Not a single Wrangler badge in sight.
American marque Jeep are clearly very, very excited about the 2019 Easter Jeep Safari as well as their all-new Gladiator ute. While it’s been a tradition for some time now for Jeep to bring concept cars to Moab, never before have Jeep brought a lineup of just utes, without a single SUV of any kind in sight.
“The Moab Easter Jeep Safari provides the perfect venue to interact with and gather feedback from our most loyal and passionate customers, the diehard off-road enthusiasts who attend the event each year. This year’s safari will mark the debut of the highly-anticipated Jeep Gladiator on Moab’s scenic & demanding trails. To celebrate, we are showcasing six fun & ultra-capable new ute-based Jeep concept vehicles that are certain to turn heads and delight the crowd.” – Tim Kuniskis, Head of Jeep Brand (North America), Fiat-Chrysler Automobiles
The highlight of the six trucks is the Jeep Five Quarter which, as the name suggests, is a one-and-one-quarter tonne ute, or ‘five quarters.’ It began its life as a 1968 Jeep M-715, which was a military adaptation of the Gladiator. Jeep bought this particular example online, dropped a Hellcrate engine in it, bolted on a vintage 8-71 supercharger, and mated it to a 3-speed auto. This awesome machine then produces 527kW out of the box, which is highly impressive for something made in the late-60s.
The Five Quarter sits on a reinforced version of its original frame, with the leaf springs replaced by a heavy-duty coil suspension system, as well as new Dynatrac Pro-rock axles (60 on the front, and 80 on the rear). 40-inch tyres wrap around 20-inch beadlock alloys that look really bloody sharp. The bodywork in the front is a mix of either fibreglass or carbon-fibre (yes, carbon-fibre), while the bodywork gets a brushed-metal aesthetic. There’s a 6-foot bed in the back with wooden slats, while the cabin features a colourful array of trim and a ‘Hellcrated’ badge to remind you that it’s not to be screwed with.
Next up is the Jeep J6, which may look like a Gladiator missing half the cabin, but it’s actually based on a Wrangler Unlimited. No matter, this thing offers up a 6-foot bed which is notably an entire foot longer than the one on the Gladiator. Just saying.
There’s a stock 3.6-litre V6 behind the nose, but there’s a not-stock 2-inch lift kit, 37-inch tyres wrapped around 17-inch beadlock wheels, front stinger bar, steel-tubing in the rear flatbed, and 10-LED lights dotted around the place. Interestingly, those 17-inch alloys are reportedly much lighter than the standard alloys on the Wrangler Unlimited, so Jeep is looking into maybe offering them as an option for showroom cars.
Behind that is the Jeep Wayout which, like its name suggests, is meant for you to go way out and off the beaten path. As such, the most notable revisions come in the form of the 37-inch wheels with 17-inch painted-steel wheels, as well as the two-man tent sitting atop the roof. With a 2-inch lift-kit, the view up there must be stunning.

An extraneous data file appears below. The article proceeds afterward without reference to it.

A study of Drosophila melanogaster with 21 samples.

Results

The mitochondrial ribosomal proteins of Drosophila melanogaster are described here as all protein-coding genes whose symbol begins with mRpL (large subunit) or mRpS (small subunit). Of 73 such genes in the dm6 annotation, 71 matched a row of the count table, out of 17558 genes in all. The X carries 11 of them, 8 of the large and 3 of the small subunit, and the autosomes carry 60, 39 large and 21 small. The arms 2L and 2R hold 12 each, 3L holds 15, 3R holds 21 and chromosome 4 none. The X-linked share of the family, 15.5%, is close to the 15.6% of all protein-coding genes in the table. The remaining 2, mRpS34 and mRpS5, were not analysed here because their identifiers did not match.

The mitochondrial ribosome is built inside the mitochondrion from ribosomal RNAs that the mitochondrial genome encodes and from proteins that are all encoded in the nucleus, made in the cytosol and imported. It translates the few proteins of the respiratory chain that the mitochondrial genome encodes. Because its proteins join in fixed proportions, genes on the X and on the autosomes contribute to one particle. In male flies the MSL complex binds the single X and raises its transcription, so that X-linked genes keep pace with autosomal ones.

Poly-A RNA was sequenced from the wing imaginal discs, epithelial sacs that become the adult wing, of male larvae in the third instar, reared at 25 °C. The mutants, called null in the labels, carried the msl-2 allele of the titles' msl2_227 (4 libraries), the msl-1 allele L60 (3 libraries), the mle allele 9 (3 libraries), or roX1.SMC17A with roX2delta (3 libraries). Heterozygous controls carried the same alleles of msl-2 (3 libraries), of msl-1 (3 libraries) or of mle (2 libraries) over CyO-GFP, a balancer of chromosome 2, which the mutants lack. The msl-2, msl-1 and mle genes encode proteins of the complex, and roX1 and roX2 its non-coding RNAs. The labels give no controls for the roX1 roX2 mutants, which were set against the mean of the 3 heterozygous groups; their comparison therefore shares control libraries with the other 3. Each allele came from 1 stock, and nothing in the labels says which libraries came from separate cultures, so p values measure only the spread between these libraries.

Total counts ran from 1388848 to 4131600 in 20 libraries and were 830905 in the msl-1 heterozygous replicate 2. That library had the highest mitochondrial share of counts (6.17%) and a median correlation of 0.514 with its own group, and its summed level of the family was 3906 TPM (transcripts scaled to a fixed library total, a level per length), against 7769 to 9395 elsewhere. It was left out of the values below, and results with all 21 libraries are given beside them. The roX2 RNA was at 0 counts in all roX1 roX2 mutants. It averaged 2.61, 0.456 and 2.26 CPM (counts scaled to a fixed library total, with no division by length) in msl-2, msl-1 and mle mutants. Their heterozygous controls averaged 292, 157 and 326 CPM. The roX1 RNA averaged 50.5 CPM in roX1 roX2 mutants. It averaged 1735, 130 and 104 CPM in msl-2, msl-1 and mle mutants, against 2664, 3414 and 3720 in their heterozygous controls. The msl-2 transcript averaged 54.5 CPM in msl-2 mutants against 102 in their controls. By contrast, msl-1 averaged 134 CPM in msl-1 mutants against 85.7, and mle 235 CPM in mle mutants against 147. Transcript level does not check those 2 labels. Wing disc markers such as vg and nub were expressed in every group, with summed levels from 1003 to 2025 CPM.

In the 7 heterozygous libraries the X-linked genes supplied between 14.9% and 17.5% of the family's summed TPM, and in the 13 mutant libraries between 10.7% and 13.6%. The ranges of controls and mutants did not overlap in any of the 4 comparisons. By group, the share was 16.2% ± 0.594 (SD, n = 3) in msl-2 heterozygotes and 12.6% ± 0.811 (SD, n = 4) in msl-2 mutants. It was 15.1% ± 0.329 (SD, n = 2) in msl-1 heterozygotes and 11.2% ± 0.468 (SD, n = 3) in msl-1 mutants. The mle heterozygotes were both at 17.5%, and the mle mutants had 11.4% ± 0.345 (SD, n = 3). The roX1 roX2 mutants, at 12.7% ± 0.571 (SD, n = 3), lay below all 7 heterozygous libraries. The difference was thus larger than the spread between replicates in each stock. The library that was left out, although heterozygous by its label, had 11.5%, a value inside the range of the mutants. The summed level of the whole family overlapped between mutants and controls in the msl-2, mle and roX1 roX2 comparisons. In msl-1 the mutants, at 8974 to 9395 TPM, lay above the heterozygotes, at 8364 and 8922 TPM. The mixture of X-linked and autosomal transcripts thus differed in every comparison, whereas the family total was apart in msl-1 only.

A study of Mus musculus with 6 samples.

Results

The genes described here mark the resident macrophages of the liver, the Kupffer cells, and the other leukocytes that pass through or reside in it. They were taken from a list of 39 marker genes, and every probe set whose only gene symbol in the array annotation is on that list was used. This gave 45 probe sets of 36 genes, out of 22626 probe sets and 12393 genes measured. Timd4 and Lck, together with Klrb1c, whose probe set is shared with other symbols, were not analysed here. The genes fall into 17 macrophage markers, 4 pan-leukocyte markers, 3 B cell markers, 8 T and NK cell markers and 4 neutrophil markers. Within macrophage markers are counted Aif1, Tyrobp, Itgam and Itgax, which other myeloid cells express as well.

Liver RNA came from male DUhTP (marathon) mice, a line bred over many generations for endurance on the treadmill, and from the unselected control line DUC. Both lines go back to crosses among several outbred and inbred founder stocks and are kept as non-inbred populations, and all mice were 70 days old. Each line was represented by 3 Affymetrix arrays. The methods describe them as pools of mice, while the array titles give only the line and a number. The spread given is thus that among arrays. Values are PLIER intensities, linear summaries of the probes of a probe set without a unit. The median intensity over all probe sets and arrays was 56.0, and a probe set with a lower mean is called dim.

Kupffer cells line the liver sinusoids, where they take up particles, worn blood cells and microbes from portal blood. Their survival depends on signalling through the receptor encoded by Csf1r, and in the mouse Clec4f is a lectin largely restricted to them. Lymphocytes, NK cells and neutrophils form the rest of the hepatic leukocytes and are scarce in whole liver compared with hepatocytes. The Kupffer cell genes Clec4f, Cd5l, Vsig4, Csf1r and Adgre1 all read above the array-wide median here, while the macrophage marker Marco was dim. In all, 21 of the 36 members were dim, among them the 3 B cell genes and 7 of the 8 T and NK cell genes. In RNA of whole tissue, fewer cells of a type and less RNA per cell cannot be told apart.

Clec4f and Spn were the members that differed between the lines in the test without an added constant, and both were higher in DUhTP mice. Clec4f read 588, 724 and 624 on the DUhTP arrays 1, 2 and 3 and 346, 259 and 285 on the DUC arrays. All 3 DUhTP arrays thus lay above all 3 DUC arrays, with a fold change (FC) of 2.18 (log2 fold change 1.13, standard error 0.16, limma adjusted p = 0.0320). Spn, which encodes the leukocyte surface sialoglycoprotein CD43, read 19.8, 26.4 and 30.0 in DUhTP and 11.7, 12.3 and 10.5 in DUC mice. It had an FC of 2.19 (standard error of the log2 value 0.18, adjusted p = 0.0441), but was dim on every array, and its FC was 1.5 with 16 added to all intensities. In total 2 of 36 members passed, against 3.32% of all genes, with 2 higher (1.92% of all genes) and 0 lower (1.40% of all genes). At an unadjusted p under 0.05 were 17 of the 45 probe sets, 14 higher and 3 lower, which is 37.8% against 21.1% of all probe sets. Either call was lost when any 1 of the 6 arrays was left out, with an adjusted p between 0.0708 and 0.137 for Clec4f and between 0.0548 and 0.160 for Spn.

According to Jeep, all the addenda seen here is actually already available for purchase from their respective sources. So that’s the 2-inch lift kit, the snorkel, the auxiliary fuel tanks (which are made to integrate neatly into the bodywork of the Gladiator-based concept, as well as a bed-drawer system that allows for lockable, weatherproof storage.
Jeep recognises that some off-road enthusiasts prefer tackling terrain with two-wheels rather than four and so, to that end, they’ve formulated the Jeep Flatbill. The name is a play on, according to Jeep, the manner with which Flatbill fans usually wear their hats. Seriously.
As a Motorcross support ute, the Flatbill features two bikes in the back that might not actually be detachable (this is a joke). It’s definitely a ‘bro-mobile,’ replete with a door jam sticker that reads ‘Don’t bro me if you don’t know me.’ We wouldn’t want to have dinner with someone who has one of these, we think.
But this is still a usable off-road machine, so there are 20-inch off-road alloys (in bronze, which we like alot), wrapped in 40-inch rubbers. There are also upgraded Dynatrack Pro-Rock 60 axles front and rear, sitting together with upgraded shocks to ensure that the Flatbill can go very-nearly anywhere the bikes do.
For a period before the Gladiator’s launch, it was rumoured that Jeep was about to call its new ute the ‘Scrambler.’ Interestingly, Jeep has brought the Scrambler name back and affixed it to the JT Scrambler, a throwback-style model that features ‘Punk’N Metallic Orange and Nacho’ stripes and livery atop a white paint job. There’s a brown roof like a proper 1980s equivalent, and this too features 17-inch wheels and 37-inch tyres accommodated by a 2-inch lift-kit.
While these all seem quite fantastical, Jeep’s provided a concept car that’ll bring it all back down to earth. Dubbed the Gladiator Gravity, this thing is less a concept car and more a showcase project to display all of the Mopar aftermarket parts that Jeep offers for the Gladiator. So you’ll find 17-inch alloys wrapped in more reasonable 35-inch tyres, a cold-air intake, heavy-gauge steel rock rails, and a cat-back exhausts. There are LED lights on the nose and front fenders to ensure you bring illumination to your adventure, as well as tube-frame doors and a cargo-carrier to keep you and your stuff safe.
Once again, Jeep has displayed its love and appreciation for its ardent fans, who have finally been rewarded with an all-new generation of the Wrangler and the all-new Gladiator. We’ve little doubt that great fun will be had during the Easter-weekend Safari which, frankly, we wish we were at.